A report by the British Society for Rheumatology has concluded that there is a lack of awareness among health professionals of the early signs of inflammatory arthritis, leading to delays in treatment to improve patients' symptoms. As a result, 80% of patients with early inflammatory arthritis are said to be at risk of developing long-term disability and reduced life expectancy.

Around a million people in the UK suffer inflammatory arthritis, most of whom have rheumatoid arthritis, which causes joint pain and swelling, associated with stiffness. The symptoms are usually relatively mild at first, but can degenerate and in extreme cases leave sufferers unable to manage their personal care. The symptoms can, however, be improved with steroids and anti-rheumatoid medication, but action needs to be taken within a window of opportunity of only a few months to avoid long-term complications.

The National Institute for Health and Care Excellence (NICE) has issued guidelines for rheumatoid arthritis. Patients who attend their GP with possible inflammatory arthritis should be referred to a rheumatology specialist within three days, but the report found only one in five met this target. Following referral, NICE stipulates that patients should see a specialist within three weeks, but less than half the sample surveyed achieved that deadline. Some parts of the country fare particularly badly.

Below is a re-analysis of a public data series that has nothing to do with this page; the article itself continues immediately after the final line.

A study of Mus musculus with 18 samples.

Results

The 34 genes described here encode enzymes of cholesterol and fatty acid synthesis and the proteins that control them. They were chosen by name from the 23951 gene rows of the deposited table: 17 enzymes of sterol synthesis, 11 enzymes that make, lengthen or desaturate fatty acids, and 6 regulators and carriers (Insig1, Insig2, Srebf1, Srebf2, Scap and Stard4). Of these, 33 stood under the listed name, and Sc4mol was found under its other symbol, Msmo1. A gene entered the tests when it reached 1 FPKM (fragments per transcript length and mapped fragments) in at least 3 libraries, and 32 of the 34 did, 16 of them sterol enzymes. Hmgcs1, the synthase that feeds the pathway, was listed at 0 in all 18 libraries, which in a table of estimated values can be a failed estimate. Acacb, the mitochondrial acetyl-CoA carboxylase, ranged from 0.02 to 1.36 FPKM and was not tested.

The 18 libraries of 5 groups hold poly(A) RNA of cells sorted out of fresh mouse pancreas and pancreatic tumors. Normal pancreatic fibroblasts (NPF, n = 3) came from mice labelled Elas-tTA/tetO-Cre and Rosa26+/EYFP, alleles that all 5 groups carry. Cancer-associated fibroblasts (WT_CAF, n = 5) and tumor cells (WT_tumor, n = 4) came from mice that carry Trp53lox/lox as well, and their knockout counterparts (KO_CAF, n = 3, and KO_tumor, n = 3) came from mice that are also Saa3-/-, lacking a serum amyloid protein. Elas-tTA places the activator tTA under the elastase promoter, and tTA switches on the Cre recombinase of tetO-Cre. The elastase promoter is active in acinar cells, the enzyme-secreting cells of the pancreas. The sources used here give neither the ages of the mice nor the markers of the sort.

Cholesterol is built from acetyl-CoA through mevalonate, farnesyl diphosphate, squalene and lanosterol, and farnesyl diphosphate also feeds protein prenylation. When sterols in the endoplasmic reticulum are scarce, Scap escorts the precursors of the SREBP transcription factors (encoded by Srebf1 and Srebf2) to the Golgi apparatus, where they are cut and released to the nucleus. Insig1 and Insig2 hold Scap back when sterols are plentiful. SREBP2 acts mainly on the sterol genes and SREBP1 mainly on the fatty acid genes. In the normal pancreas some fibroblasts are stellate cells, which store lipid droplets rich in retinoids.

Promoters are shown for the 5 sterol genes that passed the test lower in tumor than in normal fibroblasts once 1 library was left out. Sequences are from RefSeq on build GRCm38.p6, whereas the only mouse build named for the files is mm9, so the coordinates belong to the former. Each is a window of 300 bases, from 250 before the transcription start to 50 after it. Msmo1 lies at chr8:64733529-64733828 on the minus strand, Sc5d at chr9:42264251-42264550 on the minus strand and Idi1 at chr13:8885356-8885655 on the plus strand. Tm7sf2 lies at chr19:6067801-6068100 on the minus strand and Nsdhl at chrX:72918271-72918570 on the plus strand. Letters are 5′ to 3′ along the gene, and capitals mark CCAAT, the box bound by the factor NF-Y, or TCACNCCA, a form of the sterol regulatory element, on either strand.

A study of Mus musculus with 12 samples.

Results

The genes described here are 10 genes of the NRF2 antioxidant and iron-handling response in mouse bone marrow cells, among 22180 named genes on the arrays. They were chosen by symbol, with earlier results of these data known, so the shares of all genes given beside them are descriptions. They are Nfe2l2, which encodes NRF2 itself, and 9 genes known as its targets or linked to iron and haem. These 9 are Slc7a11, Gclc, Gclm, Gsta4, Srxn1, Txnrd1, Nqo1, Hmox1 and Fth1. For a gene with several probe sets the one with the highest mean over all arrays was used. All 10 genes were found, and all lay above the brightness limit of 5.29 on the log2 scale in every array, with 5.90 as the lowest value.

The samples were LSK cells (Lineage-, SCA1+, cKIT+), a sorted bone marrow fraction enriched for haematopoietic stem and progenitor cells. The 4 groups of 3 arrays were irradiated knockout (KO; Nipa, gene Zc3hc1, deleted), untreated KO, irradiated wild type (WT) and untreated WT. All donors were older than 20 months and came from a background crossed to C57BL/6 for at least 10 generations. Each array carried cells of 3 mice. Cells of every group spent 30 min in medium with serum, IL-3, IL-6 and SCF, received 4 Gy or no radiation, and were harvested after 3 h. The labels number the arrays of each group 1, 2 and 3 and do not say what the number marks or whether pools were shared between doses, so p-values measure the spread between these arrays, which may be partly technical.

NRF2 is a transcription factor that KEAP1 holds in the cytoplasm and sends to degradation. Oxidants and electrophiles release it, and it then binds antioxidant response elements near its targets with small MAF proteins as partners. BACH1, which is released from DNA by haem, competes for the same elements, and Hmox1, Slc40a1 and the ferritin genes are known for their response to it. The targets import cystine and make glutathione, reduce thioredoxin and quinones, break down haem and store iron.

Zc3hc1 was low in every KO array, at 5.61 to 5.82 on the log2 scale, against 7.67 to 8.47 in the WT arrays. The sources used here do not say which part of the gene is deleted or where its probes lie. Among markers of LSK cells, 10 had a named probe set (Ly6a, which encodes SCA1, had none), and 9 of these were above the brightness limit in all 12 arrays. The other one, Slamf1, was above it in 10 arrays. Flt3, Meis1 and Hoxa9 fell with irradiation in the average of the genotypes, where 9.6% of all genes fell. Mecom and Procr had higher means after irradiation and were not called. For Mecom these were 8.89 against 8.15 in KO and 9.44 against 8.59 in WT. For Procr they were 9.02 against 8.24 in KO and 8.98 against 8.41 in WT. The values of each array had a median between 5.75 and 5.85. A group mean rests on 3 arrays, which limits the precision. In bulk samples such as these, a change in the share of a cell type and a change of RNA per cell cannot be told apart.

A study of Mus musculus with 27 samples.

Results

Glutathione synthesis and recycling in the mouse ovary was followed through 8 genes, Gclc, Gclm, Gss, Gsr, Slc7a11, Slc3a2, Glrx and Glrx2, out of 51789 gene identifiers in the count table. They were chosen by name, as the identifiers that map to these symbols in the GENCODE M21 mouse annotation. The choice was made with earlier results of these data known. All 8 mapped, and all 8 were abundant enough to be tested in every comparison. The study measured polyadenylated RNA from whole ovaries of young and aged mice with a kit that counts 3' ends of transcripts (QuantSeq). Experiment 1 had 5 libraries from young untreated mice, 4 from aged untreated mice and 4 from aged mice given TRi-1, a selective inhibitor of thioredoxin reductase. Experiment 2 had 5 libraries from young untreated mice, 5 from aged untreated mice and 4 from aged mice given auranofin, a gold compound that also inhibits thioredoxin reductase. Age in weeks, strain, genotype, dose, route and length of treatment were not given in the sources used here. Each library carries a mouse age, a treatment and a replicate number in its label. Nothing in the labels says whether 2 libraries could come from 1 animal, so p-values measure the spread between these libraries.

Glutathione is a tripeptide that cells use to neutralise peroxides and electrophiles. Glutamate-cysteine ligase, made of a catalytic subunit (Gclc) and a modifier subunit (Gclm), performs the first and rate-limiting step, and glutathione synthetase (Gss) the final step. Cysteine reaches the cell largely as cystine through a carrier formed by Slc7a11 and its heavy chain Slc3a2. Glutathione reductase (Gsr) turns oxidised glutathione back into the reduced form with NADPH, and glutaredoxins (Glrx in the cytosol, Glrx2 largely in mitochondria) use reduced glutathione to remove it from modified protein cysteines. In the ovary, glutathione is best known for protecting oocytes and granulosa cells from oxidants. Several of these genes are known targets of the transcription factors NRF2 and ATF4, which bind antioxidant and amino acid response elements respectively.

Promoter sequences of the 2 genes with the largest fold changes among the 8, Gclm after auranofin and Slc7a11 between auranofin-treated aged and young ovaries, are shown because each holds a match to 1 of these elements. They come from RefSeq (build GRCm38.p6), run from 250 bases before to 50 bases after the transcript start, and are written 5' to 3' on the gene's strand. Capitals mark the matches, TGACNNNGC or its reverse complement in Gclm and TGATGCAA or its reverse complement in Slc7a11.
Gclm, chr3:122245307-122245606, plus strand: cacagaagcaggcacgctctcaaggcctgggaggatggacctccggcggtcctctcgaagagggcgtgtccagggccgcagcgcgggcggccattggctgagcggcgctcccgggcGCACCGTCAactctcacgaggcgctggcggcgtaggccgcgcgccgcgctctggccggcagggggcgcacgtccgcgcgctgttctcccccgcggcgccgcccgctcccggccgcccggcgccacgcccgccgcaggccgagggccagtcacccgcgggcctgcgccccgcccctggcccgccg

Commenting on the report, Andrew Clayton of Penningtons Manches' clinical negligence team explains: "The positive news in this report is that of the 5,000 patients studied, most said they had experienced good treatment and the overall impression is one of improving arthritis care. The concern, however, is that there seems to be a lack of awareness, particularly among GPs, of the signs and symptoms that should prompt early referral.

"Patients who are referred and seen by specialists at an early stage can benefit from treatment that helps alleviate their symptoms much earlier than those for whom the NICE targets are being missed. As the disease degenerates, the symptoms worsen and can be debilitating. Delays in referral and treatment can have a profound effect on patients' quality of life and more should be done to meet the NICE targets."